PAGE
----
3 Questions on Obesity
There are several ways to go about losing weight, other than going to the gym (check out http://www.shapeup.org/index.php for some good weight loss tips), however, fitness weight training and other fitness programs found within the gym are highly recommended when available. Less than one-third (31.8%) of U.S. adults get regular leisure-time physical activity (defined as light or moderate activity five times or more per week for 30 minutes or more each time), and/or vigorous activity (three times or more per week for 20 minutes or more each time). About 10 percent of adults do no physical activity at all in their leisure time.
Why are women greater targets for obesity?
Biological research identifies many naturally occurring causes for this gender bias. Pregnancy and menopause are significant factors in the development of obesity in women, suggesting that fluctuations in reproductive hormone concentrations uniquely predispose women to excess weight gain. According to WomensHealthResearch.org, women generally have a higher percentage of body fat than men, and there are indications that basal fat oxidation is lower in females as compared to men, thereby contributing to a higher fat storage in women.
Leptin, a molecule produced by fat cells, is an important signal in the regulation of appetite and energy expenditure, and is thought to play a key role in the control of body weight. The level of leptin in the blood is correlated with BMI, and is far higher in women than men at every BMI level. This may be part of the reason why women are more likely than men to become overweight. Testosterone also appears to play a large role in the regulation of leptin levels in the blood; men with higher testosterone levels have lower leptin levels.
Altering our eating habits, physical activity, and behavioral patterns in regards to lifestyle is crucial to fulfilling logical weight loss goals. For more information on this, read Dr. Robert H. Eckel’s paper on obesity and practical weight-loss– http://circ.ahajournals.org/cgi/reprint/111/15/e257
What else could contributes/is related to obesity?
In response to the prevalence of obesity, the National Institute of Health has launched a program called Healthy People 2010 in order to get America’s obesity problem under control as well as to get a hold on other health disparities. From their research it has been determined that the increase in obesity over the past 30 years has been fueled by a complex interplay of environmental, social, economic, and behavioral factors, acting on a background of genetic susceptibility.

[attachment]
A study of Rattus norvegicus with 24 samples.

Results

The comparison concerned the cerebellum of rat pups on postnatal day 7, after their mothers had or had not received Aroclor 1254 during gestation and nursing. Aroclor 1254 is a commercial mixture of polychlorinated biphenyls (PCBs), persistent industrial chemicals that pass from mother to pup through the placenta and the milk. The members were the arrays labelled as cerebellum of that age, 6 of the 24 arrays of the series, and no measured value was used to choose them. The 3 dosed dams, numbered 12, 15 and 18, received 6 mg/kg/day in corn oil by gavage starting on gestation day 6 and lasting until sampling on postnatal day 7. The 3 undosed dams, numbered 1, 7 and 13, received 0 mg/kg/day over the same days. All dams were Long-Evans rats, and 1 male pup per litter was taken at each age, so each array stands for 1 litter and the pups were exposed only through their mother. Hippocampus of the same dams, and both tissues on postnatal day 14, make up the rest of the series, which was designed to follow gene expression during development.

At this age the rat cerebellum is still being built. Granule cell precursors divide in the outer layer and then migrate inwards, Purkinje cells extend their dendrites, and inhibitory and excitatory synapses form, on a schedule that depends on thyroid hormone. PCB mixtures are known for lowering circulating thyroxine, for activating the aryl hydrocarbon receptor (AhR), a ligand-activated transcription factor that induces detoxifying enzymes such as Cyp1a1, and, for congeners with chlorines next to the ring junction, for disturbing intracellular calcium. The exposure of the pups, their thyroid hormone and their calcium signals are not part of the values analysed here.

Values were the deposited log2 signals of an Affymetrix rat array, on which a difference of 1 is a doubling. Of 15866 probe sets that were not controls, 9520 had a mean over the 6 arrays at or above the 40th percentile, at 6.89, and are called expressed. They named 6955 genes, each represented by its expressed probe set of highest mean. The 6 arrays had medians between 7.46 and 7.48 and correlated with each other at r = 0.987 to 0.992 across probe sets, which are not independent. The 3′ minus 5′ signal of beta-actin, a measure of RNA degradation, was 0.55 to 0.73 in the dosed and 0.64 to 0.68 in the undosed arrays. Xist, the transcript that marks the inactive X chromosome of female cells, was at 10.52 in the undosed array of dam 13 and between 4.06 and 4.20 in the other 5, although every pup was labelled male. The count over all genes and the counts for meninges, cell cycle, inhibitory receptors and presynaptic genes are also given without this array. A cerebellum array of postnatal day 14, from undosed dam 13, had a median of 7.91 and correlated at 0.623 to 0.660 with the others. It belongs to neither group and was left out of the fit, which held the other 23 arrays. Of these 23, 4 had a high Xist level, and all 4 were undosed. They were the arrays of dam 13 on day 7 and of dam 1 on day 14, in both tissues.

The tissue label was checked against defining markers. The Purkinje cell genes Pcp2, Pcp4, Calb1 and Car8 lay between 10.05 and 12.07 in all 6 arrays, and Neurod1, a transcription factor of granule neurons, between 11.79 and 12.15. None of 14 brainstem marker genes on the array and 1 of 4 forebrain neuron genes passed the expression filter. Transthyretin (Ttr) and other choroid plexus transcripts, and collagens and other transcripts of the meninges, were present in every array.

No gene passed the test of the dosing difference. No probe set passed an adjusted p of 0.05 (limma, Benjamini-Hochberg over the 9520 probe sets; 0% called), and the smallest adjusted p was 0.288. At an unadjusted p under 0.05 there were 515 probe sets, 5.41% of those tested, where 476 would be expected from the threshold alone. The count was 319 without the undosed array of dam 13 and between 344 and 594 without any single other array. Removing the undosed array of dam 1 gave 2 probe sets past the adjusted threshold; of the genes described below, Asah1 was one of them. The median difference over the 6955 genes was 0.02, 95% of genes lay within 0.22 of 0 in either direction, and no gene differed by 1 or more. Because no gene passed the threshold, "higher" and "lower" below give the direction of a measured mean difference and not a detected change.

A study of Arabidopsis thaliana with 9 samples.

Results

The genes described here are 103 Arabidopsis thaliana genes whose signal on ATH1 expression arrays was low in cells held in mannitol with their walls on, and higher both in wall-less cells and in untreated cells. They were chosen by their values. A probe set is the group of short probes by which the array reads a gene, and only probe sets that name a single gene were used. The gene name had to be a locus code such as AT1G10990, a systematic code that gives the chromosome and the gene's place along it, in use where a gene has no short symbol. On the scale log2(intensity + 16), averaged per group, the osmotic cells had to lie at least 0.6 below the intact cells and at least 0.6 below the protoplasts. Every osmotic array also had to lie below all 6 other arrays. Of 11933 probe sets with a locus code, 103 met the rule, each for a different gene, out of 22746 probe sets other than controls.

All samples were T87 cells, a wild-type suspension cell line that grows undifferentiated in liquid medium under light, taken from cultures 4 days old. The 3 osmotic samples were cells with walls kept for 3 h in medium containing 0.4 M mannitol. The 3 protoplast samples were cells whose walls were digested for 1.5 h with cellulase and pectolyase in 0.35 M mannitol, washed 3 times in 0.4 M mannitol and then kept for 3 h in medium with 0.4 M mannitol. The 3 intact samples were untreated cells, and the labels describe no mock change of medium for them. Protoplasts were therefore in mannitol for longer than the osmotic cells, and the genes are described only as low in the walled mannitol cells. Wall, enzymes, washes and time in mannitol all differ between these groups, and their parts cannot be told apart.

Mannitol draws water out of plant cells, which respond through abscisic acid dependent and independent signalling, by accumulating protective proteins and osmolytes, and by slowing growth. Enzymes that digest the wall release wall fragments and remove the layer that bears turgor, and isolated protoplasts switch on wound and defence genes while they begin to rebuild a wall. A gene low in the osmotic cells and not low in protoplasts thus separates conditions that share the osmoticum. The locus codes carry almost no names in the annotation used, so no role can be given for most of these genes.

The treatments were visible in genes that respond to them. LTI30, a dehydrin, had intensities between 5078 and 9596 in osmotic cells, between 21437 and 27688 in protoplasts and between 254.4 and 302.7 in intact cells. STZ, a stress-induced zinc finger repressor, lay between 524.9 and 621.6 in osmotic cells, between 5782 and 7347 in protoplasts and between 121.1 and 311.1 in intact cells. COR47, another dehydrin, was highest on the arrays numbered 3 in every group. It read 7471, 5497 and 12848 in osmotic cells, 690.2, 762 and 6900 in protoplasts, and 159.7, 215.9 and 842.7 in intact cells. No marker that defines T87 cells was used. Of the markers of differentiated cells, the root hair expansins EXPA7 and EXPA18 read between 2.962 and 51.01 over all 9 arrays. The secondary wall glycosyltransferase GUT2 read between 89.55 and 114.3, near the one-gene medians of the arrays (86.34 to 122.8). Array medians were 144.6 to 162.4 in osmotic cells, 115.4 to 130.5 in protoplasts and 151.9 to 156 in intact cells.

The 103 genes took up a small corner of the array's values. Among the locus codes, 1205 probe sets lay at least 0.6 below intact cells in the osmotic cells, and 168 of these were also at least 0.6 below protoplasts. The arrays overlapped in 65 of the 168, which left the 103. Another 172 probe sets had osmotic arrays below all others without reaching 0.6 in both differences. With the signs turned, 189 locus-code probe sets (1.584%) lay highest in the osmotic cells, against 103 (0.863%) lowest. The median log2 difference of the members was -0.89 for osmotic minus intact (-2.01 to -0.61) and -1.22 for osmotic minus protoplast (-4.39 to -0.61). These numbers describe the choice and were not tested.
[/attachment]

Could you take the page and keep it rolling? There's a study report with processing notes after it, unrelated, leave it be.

Obesity affects more than just our health. As the prevalence of overweight and obesity has increased in the United States, so have related health care direct and indirect cost. Direct health care costs refer to preventive, diagnostic, and treatment services (for example, physician visits, medications, and hospital and nursing home care). Indirect costs are the value of wages lost by people unable to work because of illness or disability, as well as the value of future earnings lost by premature death. In 2003 the direct cost attributed to overweight/obesity was $61 billion with indirect cost of $56 billion (comparable to the economic costs of cigarette smoking). Stated simply, it is just cheaper to be fit. However, “short-cuts” to being fit are in no way more useful as Americans spend billons (about $33 billion in 1990) on weight-loss products and services, such as low-calorie foods, artificially sweetened products such as diet sodas, and memberships to commercial weight-loss centers.
The American Public Health Association (APHA) Annual Meeting and Exposition 2005, addressed the obesity issue in its relation to minorities and public health and policy from several angles. These include tax policies to place consumption taxes on less healthful foods and purchasing policies that exert a purchasing preference for higher quality, more healthy foods; education policies to restrict the marketing and availability of lower quality foods in schools; agricultural policies to divert the tens of billions in agricultural subsidies that currently underwrite cheap corn syrups and other un-nutritious commodities in favor of more healthful foods; and transportation policies that impact the built environment. Another tactic is to change current agriculture policies which support an industrialized production paradigm where the U.S. produces large amounts of food.